Israel court rules Australia sex crimes suspect fit to stand trial

Malka Leifer, who is accused of sexual abuse of girls at an ultra-Orthodox Jewish school in Australia, has fought a long battle against extradition from Israel

An Israeli court ruled Tuesday that an Orthodox Jewish teacher accused of child sex abuse in Australia was mentally fit to stand trial, bringing her closer to extradition after years of legal battles.

The decision was hailed by alleged victims who have campaigned for years for Malka Leifer to be sent back to face trial.

Jerusalem district court judge Chana Lomp said that she had "decided to accept the expert panel's opinion, the defendant is fit to stand trial".

Lomp set July 20, 2020 as the date for the renewal of the extradition process.

Leifer, who was not in court on Tuesday, is accused of child sex abuse while she was a teacher and principal at an ultra-Orthodox Jewish school in Melbourne, where she had emigrated from her native Israel.

According to Australian media, Leifer is facing 74 counts of child sex abuse, but her lawyers say there were only "three actual complaints."

After allegations surfaced against her in 2008, Leifer and her family left for Israel and have been living in the settlement of Emmanuel in the occupied West Bank.

A previous extradition attempt between 2014 and 2016 failed after Leifer was hospitalised in mental institutions and expert opinions found she was not fit to stand trial.

But undercover private investigators later filmed Leifer shopping and depositing a cheque at a bank.

This prompted Israeli authorities to launch a probe into whether she was faking mental illness to avoid extradition, leading to her arrest in February 2018.

In her 40-page ruling Tuesday, Lomp noted that while Leifer had "mental problems," as the panel of experts confirmed, "they were not psychotic problems of mental illness as in its legal definition."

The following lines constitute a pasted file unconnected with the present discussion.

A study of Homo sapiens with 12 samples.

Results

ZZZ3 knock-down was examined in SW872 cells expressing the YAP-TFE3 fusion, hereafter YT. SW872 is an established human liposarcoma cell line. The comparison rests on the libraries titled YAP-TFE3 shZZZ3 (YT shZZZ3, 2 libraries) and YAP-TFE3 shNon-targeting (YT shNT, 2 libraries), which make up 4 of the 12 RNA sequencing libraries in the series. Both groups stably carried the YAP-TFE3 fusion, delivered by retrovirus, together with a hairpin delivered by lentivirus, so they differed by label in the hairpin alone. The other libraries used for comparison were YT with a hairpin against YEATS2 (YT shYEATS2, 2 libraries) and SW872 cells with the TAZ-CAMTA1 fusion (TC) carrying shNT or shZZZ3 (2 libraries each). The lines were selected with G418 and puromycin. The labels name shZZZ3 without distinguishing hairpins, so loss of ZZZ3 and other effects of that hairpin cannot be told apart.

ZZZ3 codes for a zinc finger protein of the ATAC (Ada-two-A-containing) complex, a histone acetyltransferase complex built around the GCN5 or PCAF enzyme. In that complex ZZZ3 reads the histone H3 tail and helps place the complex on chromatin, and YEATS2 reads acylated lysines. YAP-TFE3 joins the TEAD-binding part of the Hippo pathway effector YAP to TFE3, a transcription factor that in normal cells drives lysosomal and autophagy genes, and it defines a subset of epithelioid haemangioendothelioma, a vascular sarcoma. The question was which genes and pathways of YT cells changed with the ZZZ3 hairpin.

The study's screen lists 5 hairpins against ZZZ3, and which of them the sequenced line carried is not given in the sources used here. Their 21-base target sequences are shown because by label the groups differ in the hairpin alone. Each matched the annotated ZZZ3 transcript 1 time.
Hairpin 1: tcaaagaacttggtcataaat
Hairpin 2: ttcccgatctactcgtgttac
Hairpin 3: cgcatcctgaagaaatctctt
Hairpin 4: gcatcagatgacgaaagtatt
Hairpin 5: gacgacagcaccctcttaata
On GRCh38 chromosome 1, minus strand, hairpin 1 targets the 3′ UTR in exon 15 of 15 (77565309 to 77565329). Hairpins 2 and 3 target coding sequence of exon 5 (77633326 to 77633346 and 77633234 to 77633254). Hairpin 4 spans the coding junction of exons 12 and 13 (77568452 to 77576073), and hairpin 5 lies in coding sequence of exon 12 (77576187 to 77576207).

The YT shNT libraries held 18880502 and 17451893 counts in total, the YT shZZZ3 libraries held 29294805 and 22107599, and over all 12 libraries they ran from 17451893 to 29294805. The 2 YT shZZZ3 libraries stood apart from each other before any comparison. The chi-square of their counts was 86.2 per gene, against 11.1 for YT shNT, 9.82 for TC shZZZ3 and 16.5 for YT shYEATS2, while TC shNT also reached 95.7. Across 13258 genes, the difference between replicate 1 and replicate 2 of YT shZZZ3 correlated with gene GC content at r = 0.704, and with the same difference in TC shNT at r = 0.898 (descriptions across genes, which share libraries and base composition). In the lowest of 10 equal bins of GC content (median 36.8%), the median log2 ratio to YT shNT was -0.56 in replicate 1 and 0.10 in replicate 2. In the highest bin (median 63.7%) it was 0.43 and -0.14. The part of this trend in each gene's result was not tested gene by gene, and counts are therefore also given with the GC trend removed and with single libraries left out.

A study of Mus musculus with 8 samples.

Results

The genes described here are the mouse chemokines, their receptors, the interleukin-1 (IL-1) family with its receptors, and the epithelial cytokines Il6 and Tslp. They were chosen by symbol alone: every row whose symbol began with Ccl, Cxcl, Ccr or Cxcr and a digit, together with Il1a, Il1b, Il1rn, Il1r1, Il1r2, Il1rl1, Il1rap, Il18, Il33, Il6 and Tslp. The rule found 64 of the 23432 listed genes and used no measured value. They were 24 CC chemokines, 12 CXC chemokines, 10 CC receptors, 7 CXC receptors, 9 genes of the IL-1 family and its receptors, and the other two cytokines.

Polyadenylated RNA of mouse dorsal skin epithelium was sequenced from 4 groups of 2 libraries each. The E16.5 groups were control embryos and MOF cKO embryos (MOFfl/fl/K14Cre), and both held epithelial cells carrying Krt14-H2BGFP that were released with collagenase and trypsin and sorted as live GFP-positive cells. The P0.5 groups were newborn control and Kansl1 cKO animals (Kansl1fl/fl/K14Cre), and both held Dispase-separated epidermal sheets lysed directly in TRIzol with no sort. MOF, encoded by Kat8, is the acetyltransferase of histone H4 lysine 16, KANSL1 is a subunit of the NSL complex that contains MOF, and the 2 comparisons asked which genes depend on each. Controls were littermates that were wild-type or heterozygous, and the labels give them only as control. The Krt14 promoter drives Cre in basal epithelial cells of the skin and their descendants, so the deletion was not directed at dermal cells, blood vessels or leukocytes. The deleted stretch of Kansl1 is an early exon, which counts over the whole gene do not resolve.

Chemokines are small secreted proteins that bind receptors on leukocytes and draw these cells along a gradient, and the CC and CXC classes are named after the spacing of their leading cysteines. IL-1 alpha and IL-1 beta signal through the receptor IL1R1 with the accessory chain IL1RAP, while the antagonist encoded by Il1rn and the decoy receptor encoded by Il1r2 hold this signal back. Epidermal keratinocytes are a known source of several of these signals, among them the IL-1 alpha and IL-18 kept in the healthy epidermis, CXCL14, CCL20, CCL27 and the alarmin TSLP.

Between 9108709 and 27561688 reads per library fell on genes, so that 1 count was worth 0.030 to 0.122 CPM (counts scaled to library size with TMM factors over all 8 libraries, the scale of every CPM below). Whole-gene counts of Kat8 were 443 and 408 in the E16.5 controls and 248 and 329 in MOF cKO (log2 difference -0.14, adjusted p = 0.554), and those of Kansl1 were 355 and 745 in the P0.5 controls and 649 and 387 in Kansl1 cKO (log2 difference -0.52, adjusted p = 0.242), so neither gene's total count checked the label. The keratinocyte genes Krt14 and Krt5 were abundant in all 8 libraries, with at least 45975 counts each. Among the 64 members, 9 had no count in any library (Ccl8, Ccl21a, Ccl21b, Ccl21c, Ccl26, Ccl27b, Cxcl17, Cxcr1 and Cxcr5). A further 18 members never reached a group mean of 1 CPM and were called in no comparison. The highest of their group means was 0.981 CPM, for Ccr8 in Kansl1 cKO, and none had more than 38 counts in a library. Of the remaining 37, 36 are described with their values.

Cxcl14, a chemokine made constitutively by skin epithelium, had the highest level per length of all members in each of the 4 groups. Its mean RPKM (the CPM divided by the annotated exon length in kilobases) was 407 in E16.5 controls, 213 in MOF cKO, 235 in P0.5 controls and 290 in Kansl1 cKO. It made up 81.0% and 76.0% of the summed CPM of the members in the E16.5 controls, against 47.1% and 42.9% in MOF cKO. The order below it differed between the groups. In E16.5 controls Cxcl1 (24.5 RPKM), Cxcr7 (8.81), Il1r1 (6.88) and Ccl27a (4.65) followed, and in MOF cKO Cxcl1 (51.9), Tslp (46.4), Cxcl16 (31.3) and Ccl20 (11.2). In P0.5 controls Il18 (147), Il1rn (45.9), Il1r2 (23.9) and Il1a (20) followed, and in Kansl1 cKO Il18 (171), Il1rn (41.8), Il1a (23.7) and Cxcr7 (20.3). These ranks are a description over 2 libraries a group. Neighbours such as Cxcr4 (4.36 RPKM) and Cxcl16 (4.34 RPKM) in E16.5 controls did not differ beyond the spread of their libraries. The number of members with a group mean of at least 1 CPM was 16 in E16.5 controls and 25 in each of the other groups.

"My impression is that the defendant is exacerbating her mental problems and pretending to be mentally ill," Lomp wrote.

"Therefore, my conclusion is that the defendant is fit to stand trial and the extradition process on her case should be renewed."

Dassi Erlich, one of the women accusing Leifer of sexually abusing her, called Tuesday's decision "huge".

"This abusive woman has been exploiting the Israeli courts for 6 years! Intentionally creating obstacles with endless vexatious arguments that have only lengthened our ongoing trauma!", she said in a statement.

In a statement to the press following the court session, Avital Ribner-Oron, one of the prosecutors for the justice ministry's international department, said she was "pleased" with Lomp's decision.

"The removal of this obstacle that has stood in the way of any significant progress in this case, will now enable the court to bring this matter to a timely and swift conclusion," she said.

One of Leifer's lawyers, Tal Gabay, however told reporters the decision was "not clean of doubt."

"It's not a black-and-white case," he said.

Another member of the defence team, Yehuda Fried, said that while they could not appeal Tuesday's decision, they would do so when the final decision on Leifer's extradition was made.

"We hope and believe the supreme court will overturn today's district court decision," Fried said.